Some lessons stick with us long after someone is gone.
On March 13, 2008, my world came crashing in around me. With no warning whatsoever my life was forever altered. The news that no one wants to hear was broken to me that day – my dad had died.
I was my dad’s only living biological child and even though I was 34 years old, I was still daddy’s little girl. He and I had a very complicated relationship during my formative years, but I had learned to love him deeply during the latter half of my life, and because of that, I felt we had a lot of catching up to do. When dad passed, I was forever changed; I was a different person on March 13 than I had been just a day prior. However, I know that I can appreciate who he was and help his legacy to live on. Here are some of the most important lessons my dad taught me, directly and indirectly, that I want to share with you.
Never Give Up On Anyone
Those who knew my dad well also knew that he had battled alcoholism for about two decades. His drinking was the reason my parents had divorced when I was very young. I didn’t see him much during my early childhood years, and then in later years I had more visits with him. Those aren’t all good memories; some of them are painful and even confusing. This is part of what made our relationship complicated.
I had this inner struggle that was part being mad at him for his behavior vs. still loving him because he was my father. I dealt with this from later elementary school years until I was in college. Even though he did some really awful things when he was drunk and even got into trouble many times, I wanted so badly to believe there was still good in there. I wanted to believe there was still God in there.
My great-grandmother was a saint and she prayed earnestly for dad and encouraged me to do the same. All those years of tearful prayers finally came to fruiting when, while I was in college, dad became sober. He was a different man from then until he passed away. He taught me not to give up on people.
Treat People Right
That was dad’s work motto that he outright shared with me. He was an appliance repairman. Many times I witnessed him refusing to charge people for a service call to their home in order to fix their washer, dryer, stove, etc. He would charge them only for the appliance part he had replaced. He’d explain to me privately that he knew they couldn’t afford the service call fee and didn’t want to create an extra burden for them. His customers noticed his kindness, because years later when I spent several hours standing next to dad’s casket, many people from the community told me how much of a blessing dad was to them. How he had helped them out in their time of need. He believed in treating people fairly in his business as well as his personal life.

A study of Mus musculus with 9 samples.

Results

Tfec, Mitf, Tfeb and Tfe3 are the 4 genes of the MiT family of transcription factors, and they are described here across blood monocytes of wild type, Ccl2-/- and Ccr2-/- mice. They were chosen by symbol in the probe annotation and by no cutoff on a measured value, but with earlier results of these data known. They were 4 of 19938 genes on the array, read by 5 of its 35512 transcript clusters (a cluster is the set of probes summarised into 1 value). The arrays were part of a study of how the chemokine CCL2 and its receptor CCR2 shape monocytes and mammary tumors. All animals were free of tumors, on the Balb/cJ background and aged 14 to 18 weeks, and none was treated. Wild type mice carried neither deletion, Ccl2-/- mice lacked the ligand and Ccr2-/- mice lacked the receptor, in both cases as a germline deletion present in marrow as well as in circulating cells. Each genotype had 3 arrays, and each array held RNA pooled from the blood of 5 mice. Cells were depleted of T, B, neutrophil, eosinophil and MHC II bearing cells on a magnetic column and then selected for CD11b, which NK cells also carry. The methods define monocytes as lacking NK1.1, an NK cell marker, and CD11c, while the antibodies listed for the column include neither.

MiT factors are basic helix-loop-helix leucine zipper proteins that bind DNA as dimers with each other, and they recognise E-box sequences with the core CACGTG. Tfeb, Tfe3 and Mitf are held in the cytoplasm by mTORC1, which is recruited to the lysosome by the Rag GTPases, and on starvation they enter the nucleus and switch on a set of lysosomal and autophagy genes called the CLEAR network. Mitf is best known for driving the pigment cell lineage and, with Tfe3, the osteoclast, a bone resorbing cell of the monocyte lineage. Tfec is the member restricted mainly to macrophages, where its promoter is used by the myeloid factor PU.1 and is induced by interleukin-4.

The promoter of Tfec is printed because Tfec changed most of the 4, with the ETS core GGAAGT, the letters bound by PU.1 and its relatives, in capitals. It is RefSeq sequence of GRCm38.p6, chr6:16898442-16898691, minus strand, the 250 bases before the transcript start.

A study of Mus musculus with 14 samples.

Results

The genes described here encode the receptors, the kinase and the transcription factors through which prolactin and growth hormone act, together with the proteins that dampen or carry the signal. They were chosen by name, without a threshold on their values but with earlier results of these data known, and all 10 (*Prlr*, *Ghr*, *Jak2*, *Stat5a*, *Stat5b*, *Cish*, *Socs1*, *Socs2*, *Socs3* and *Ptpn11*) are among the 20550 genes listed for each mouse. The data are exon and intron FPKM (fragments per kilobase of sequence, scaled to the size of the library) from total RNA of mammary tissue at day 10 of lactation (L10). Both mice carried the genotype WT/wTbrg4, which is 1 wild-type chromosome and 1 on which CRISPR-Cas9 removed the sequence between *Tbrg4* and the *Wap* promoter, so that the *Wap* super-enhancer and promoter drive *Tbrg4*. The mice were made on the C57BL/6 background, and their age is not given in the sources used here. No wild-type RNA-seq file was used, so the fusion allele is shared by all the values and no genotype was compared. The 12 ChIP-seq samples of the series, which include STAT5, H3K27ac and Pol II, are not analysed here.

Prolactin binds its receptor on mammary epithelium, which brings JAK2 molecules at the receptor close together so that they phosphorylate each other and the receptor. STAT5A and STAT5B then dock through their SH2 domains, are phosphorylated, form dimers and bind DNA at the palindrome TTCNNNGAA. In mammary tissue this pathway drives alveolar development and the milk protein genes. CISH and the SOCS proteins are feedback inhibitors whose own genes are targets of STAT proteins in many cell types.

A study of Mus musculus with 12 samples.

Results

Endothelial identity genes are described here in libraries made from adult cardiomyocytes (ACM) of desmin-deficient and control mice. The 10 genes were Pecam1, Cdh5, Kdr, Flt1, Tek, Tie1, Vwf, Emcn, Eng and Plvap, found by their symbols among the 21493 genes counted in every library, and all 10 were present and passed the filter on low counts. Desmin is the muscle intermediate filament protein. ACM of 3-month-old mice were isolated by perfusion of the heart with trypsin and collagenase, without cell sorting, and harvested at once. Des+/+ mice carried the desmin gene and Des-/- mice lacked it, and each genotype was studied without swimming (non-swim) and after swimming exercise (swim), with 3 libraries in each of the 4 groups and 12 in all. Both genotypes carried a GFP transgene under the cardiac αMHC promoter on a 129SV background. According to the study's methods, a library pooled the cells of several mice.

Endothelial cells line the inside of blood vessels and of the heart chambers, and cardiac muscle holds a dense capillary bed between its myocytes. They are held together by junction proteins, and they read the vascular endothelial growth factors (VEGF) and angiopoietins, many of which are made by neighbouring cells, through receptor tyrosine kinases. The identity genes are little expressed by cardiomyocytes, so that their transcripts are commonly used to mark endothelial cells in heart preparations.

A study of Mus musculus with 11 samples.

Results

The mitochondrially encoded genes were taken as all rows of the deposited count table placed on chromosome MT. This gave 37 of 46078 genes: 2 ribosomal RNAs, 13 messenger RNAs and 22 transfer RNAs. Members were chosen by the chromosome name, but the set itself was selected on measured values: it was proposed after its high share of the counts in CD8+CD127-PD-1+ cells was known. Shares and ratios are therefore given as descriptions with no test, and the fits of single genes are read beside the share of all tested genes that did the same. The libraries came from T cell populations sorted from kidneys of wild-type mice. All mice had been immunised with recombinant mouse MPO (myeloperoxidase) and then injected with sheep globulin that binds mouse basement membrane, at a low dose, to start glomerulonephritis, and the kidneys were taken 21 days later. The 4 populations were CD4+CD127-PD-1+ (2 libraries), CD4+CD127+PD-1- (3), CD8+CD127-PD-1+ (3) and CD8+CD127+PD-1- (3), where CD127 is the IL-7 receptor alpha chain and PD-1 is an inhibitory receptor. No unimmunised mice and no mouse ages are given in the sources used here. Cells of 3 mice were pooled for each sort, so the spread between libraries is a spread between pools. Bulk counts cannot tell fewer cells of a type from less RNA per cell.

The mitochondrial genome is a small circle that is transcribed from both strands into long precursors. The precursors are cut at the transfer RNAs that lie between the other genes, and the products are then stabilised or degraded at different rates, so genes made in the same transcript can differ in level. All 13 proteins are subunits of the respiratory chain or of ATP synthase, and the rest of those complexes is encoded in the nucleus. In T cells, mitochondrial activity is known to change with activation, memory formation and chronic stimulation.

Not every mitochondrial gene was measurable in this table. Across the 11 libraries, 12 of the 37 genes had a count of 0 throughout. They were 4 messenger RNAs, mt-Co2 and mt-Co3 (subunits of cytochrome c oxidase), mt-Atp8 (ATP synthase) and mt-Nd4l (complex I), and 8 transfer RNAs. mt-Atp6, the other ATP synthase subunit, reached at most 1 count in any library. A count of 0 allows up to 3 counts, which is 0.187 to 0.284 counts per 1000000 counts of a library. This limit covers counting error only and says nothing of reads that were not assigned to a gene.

Always say, “I love you.”
My dad was not a lovey-dovey affectionate kind of guy. Not with me or really anyone else (although the grandkids did their best to convert him). He showed his love to me in other ways like slipping me a little cash every now and then, or refusing to let me pay him for a refurbished appliance I needed to replace a worn-out one of mine. He and I could also engage in conversations that lasted for hours at a time. We’d talk about NASCAR, work, his grandkids, and church. Most of the time our conversations were over the phone because we lived a couple hundred miles apart, but we never let a conversation end without saying, “I love you” before hanging up. I am so grateful for that now because I know for certain those were the last words we had exchanged, just three days before he died suddenly. We never know when we’ll breathe our last breath, so what a comforting thought to know the last thing we said to those we cherish the most would be, “I love you.”
I write this on the eighth anniversary of his passing. I still remember the sound of his voice, his dry sense of humor, where he ate breakfast every morning and what uniform he wore to work in every day. I miss him as much today as I did eight years ago, and if I dwell on it too long I can still sob like a broken-hearted child. Until I see him again, however, I will hold the lessons he taught me inside my heart and do my best to live them out in my own life.